From 2019 to 2022, drought ruined much of the agriculture industry in California. According to a UC Merced study, farms lost 750,000 acres of what was once productive land. “California is no stranger to drought, but this current drought has hit really hard in some of the typically water-rich parts of the state that are essential for the broader state water supply,” said Professor John Abatzoglou. The hardest-hit parts of California’s agriculture industry have not recovered, and the drought, based on trajectory, continues to worsen.
On a smaller scale, the same thing is happening now in Mississippi.
The U.S. Drought Monitor shows that northwest Mississippi suffers from what is known as “exceptional drought,” which is defined as “ the most severe drought, with the worst conditions on record. It would only be expected to occur once or twice within a 100‐year period.”
Several cattle farmers describe the drought as the worst in half a century. Some have elected to sell their entire herds and close their businesses. And things could get worse. State Climatologist and Mississippi State University Professor of Meteorology Mike Brown said the drought may not end even with modest rainfall. He commented: “About 25% of the state is going to need between 24-26 inches of rain—that’s almost double the normal amount of expected rainfall—to replenish groundwater before spring planting. If it stays dry, it would be useless to plant.”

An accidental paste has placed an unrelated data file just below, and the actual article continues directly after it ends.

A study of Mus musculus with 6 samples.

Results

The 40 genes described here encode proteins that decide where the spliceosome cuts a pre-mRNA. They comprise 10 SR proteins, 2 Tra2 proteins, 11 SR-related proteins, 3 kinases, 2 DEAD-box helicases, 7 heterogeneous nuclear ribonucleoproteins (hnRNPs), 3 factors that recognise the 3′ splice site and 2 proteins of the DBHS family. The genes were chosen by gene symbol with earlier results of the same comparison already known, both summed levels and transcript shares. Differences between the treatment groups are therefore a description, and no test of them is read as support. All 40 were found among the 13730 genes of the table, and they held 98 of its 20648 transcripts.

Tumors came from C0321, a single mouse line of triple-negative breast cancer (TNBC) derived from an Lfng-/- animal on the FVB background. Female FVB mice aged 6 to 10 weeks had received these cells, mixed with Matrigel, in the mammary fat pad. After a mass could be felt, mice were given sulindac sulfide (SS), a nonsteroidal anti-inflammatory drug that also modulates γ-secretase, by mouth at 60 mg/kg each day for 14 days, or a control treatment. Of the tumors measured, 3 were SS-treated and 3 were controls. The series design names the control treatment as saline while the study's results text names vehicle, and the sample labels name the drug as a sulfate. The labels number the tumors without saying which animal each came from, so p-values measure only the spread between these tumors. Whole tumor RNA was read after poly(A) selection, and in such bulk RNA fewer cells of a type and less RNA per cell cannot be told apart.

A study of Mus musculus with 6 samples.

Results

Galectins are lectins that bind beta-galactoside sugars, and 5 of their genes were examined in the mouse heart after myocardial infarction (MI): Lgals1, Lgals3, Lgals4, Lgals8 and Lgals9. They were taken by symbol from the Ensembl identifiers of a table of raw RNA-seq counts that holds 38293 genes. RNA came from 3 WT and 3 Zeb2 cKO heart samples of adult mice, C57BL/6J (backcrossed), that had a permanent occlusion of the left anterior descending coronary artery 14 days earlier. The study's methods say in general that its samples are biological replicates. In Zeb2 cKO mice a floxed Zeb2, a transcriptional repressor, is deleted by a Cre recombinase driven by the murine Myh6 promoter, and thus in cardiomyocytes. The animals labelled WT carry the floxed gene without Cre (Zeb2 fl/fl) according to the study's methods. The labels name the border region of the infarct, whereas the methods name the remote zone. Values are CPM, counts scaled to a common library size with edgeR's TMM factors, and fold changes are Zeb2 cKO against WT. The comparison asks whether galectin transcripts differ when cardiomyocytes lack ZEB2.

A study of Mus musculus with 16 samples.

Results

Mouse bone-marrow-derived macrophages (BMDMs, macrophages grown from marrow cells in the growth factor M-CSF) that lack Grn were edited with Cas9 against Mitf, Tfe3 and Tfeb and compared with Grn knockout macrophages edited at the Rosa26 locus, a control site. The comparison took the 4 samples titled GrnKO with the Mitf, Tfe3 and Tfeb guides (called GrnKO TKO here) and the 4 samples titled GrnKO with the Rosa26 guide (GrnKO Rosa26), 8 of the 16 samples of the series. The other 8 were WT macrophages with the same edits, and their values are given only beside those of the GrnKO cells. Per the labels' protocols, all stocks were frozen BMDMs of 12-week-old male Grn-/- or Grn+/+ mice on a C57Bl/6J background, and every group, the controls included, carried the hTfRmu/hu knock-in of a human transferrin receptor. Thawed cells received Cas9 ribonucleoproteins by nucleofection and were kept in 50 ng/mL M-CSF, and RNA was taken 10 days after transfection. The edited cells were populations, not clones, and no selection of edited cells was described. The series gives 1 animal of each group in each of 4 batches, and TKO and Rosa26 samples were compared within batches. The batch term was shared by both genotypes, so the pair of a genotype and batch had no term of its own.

Successful Farming reports that among the few solutions to the catastrophe is for farmers to move their herds out of the state entirely. Once relocated, there may be little reason to return. This is happening worldwide; farms are hit by climate change, and farmers have few options.
The Mississippi drought is an example of a drought that does not have to cover hundreds of thousands of square miles to damage or destroy an entire industry badly.